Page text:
Job Market Paper:

Economic Foundation of Dictatorship in Resource Exporting Economies (May 2010) 
  • Abstract: This paper explains the lack of democratization in resource exporting countries using a two period resource extraction model. There are two classes of agents: elite who own capital and natural resources and citizens who own labor. The elite announce, in the first period, their plans for resource extraction and investment in the economy. Citizens, in the second period, decide whether to conduct a revolution against elite to capture their share of rents from un-extracted resources. Government policies are designed to ensure that the elite remain in power and that citizens do not have the incentive to revolt. These policies subsidize extraction and investment during the first period. The extraction subsidy reduces the benefit of revolution while the investment subsidy increases its cost. On the other hand, policies in the democracy case are not constrained by the revolution threat and represent the median voter preferences. The resource is over extracted in the non-democratic case compared to the democratic case. Also, investment in the non-resource sector is lower. The important finding of the model is that extraction path goes against price signals; first period extraction increases with the increase of the resource price in the second period. Non-Democratic institution is the rational choice of the elite even with the costly policies to prevent a revolution. 
           (Link to paper)

Choice of Market Instruments with Strategic Firms (May 2008)
  • Abstract: The superiority of price over quantity instruments for pollution abatement, especially for the case of global warming, has gained support in the literature since the seminal work of Weitzman (1974). However, industry and politicians seem to prefer cap and trade schemes. This paper explains this preference by investigating the strategic behavior of firms and its effect on influencing the choice of a market instrument over the other. In the first period, firms have the strategic incentive to signal an artificial marginal cost schedule to the regulator. The regulator’s problem is to select the appropriate market instrument to minimize social welfare loss. In the second period, firms benefit from lower abatement costs and generous permits and or lower taxes. Firms’ informational advantage and strategic behavior yield a sub-optimal outcome than the case of non-strategic firms. Firms with low marginal costs will behave so that the regulator chooses a quota instrument; whereas the high cost firms would prefer the price instrument.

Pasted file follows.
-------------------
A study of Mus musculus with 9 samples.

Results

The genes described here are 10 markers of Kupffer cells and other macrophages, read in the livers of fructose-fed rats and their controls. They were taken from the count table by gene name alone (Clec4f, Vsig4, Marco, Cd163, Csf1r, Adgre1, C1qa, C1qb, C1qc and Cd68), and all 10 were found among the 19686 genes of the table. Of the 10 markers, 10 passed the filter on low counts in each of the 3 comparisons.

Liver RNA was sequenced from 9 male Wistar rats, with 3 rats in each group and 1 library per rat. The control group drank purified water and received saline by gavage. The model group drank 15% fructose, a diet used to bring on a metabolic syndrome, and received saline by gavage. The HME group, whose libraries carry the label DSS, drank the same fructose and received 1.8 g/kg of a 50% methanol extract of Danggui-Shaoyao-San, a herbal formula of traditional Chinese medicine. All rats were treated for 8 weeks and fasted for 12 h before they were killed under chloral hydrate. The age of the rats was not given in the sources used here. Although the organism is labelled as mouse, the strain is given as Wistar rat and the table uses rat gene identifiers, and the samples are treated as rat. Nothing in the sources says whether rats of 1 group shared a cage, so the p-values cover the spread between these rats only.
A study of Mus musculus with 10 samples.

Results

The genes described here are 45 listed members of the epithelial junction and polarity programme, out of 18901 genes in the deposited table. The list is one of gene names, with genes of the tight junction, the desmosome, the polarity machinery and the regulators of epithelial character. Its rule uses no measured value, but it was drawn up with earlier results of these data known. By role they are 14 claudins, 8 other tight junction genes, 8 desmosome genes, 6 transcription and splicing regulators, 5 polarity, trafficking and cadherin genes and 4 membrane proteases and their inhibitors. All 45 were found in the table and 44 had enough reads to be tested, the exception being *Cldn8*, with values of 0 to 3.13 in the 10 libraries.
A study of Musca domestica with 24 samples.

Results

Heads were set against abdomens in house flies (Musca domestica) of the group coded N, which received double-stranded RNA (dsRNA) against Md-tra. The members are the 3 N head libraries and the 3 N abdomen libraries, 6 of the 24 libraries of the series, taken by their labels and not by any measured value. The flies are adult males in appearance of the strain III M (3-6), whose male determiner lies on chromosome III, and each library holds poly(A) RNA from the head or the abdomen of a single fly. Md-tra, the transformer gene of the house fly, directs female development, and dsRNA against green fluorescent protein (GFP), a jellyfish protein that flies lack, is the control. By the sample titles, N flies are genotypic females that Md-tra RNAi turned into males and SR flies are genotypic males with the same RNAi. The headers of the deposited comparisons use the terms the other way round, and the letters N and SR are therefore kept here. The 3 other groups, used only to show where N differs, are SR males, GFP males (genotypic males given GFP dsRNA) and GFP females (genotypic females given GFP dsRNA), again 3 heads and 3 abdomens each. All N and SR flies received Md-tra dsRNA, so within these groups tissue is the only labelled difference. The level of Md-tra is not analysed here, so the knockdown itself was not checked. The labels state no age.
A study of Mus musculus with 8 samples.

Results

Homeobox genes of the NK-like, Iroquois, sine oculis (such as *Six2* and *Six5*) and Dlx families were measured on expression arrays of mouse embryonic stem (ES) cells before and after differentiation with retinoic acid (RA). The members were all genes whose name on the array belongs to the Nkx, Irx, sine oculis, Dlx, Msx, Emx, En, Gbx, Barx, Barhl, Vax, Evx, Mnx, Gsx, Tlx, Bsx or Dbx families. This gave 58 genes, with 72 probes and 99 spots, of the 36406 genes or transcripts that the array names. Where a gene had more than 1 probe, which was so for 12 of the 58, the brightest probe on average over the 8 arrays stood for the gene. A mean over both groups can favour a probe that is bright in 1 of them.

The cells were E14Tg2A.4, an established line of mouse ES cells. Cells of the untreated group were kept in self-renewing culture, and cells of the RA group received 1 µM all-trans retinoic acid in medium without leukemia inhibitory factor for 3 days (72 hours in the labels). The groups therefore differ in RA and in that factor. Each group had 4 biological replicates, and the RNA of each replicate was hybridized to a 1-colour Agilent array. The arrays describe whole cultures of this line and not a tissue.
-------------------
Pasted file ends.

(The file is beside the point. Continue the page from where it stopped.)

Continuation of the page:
Do Tariffs on Oil Generate Political Transition?  (August 2010)
  • Abstract: The model consists of two games. The first one is between the resource importing country which chooses an optimal tariff and the resource exporting country which chooses the extraction quantities for its domestic market and for the export market. The second game takes place in the resource exporting country between two classes of agents in the economy: elites who own the resource and citizens who have labor income. The outcome of the second game determines if political transition is taking place or not. If the income tax rate set by the government is closer to the preferred tax rate of citizens then it is an indication that citizens are gaining more political power. If, however, the tax rate is closer to the preferred rate of elites then there is no change in political power. Tariff imposed on oil causes a shift of oil production from export market to domestic market. Compared to the non-tariff case, the re-allocation of oil production reduces the political conflict between the two classes of agents.